A corn is a small, rough mound of thick, hardened
skin. Corns can develop wherever skin rubs together. They usually occur
at pressure points on the foot, such as the top of the toe “knuckle” or
in between toes.
Corns are caused by one thing - friction. They can be
trimmed away with a small knife during a visit to a podiatrist;
however, to permanently remove corns, it is necessary to address the
source of pressure that is causing the corns to develop.
Reasons for treatment
Corns will not simply disappear without treatment.
They are a symptom of an underlying problem with the structure of the
foot. Unless the source of friction causing the corns is removed, they
will continue to become thicker and more painful.
Corns can eventually bore down into the skin and
press on underlying nerves, causing extreme pain. At a certain point,
the body begins to treat corns as a foreign object and an ulcer can
develop. Ulcers present a serious complication for those with diabetes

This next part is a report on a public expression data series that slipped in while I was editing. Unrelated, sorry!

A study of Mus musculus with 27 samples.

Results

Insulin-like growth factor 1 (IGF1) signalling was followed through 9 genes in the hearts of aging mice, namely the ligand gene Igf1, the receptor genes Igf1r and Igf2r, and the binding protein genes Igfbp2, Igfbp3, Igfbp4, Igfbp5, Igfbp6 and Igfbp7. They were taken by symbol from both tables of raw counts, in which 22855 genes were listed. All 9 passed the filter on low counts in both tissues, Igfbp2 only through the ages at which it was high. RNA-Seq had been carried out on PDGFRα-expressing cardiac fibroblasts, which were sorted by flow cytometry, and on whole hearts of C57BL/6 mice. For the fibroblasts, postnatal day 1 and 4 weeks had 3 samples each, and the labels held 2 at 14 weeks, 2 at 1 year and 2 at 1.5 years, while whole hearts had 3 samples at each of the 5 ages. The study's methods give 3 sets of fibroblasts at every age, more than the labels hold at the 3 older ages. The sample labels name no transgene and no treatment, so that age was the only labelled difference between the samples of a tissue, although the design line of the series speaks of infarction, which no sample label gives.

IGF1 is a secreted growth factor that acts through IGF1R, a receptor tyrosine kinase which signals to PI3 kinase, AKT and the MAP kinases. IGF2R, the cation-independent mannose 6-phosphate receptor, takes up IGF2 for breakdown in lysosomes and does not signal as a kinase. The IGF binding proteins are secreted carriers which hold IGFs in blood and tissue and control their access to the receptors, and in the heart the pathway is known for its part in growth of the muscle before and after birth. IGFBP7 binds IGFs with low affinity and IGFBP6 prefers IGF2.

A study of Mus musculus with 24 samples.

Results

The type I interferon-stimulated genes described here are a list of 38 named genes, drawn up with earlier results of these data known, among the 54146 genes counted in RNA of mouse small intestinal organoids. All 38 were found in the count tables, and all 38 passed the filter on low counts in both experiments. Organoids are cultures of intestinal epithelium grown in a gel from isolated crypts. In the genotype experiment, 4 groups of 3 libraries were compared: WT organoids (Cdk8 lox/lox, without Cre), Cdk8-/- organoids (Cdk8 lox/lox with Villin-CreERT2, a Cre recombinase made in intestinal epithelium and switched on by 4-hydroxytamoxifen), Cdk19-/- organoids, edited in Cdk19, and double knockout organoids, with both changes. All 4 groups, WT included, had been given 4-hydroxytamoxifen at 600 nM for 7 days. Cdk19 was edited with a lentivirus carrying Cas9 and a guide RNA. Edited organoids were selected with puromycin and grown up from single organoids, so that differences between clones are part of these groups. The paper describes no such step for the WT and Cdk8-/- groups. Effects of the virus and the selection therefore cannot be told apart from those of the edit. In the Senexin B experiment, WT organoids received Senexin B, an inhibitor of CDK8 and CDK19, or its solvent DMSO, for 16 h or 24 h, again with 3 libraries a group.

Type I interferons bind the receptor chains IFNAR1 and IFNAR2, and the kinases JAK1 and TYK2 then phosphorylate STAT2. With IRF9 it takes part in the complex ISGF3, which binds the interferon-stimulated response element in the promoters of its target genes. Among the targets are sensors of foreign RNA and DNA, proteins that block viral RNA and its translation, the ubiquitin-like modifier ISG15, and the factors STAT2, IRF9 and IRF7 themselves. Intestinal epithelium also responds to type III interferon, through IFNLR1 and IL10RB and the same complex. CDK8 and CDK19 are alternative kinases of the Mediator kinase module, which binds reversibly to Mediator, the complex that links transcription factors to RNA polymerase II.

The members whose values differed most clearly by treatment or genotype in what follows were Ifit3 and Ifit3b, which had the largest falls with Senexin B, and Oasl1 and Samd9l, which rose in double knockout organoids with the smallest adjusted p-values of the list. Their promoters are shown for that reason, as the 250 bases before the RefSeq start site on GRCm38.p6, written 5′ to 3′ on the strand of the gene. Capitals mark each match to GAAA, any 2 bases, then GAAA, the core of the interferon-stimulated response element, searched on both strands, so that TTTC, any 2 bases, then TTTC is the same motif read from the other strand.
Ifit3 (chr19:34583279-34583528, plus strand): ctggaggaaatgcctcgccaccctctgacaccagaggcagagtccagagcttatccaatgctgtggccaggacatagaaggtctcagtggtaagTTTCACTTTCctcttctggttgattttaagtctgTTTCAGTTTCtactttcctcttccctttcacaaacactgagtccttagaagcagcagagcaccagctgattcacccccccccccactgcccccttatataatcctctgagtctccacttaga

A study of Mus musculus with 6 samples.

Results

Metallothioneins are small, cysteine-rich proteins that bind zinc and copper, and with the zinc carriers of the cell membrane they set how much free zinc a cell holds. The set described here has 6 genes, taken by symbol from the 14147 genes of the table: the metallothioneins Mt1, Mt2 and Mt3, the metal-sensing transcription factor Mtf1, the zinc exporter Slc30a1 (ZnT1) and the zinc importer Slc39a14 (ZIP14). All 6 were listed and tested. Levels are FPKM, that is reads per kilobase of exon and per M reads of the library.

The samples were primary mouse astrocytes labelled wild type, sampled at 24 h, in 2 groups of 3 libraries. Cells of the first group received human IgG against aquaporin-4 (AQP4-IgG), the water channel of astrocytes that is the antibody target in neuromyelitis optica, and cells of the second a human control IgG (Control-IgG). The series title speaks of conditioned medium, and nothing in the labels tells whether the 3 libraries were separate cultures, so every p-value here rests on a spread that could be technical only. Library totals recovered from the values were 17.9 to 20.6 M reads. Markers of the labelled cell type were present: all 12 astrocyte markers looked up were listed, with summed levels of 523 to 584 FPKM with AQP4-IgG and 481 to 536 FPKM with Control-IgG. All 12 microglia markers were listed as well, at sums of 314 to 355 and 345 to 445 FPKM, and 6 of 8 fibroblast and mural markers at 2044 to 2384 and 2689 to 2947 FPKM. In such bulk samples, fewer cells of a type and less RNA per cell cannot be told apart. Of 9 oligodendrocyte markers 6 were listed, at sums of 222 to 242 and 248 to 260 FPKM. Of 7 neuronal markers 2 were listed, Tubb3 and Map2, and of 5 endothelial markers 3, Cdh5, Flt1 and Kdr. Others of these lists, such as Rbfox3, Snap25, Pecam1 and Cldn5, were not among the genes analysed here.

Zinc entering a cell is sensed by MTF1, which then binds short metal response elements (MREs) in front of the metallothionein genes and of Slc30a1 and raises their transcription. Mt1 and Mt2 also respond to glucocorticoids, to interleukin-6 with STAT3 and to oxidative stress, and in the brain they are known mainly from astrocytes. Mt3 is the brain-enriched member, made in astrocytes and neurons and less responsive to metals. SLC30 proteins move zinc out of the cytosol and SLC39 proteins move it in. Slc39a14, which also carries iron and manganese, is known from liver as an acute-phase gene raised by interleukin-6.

and poor circulation.
How corn treatment is performed
Corns are merely a symptom of an underlying foot
problem. It is important to treat the corn and the problem causing the
corn. Self-treatment is possible, but if you have persistent corns you
should see a doctor.
To remove corns, your physician may begin by
recommending a change in footwear. To reduce pain, protective padding
can be used to cushion the corn and give it time to heal. Your doctor
can remove a corn in a single office visit by using a small knife to
trim down the corn. Part of your treatment plan may also include surgery
to correct foot deformities that might cause corns to continue
People with diabetes, peripheral neuropathy, and poor
circulation should never try to treat a corn themselves; the risk of
infection is too great. Never use over-the-counter corn drops or
'medicated pads', they all contain dangerous acid.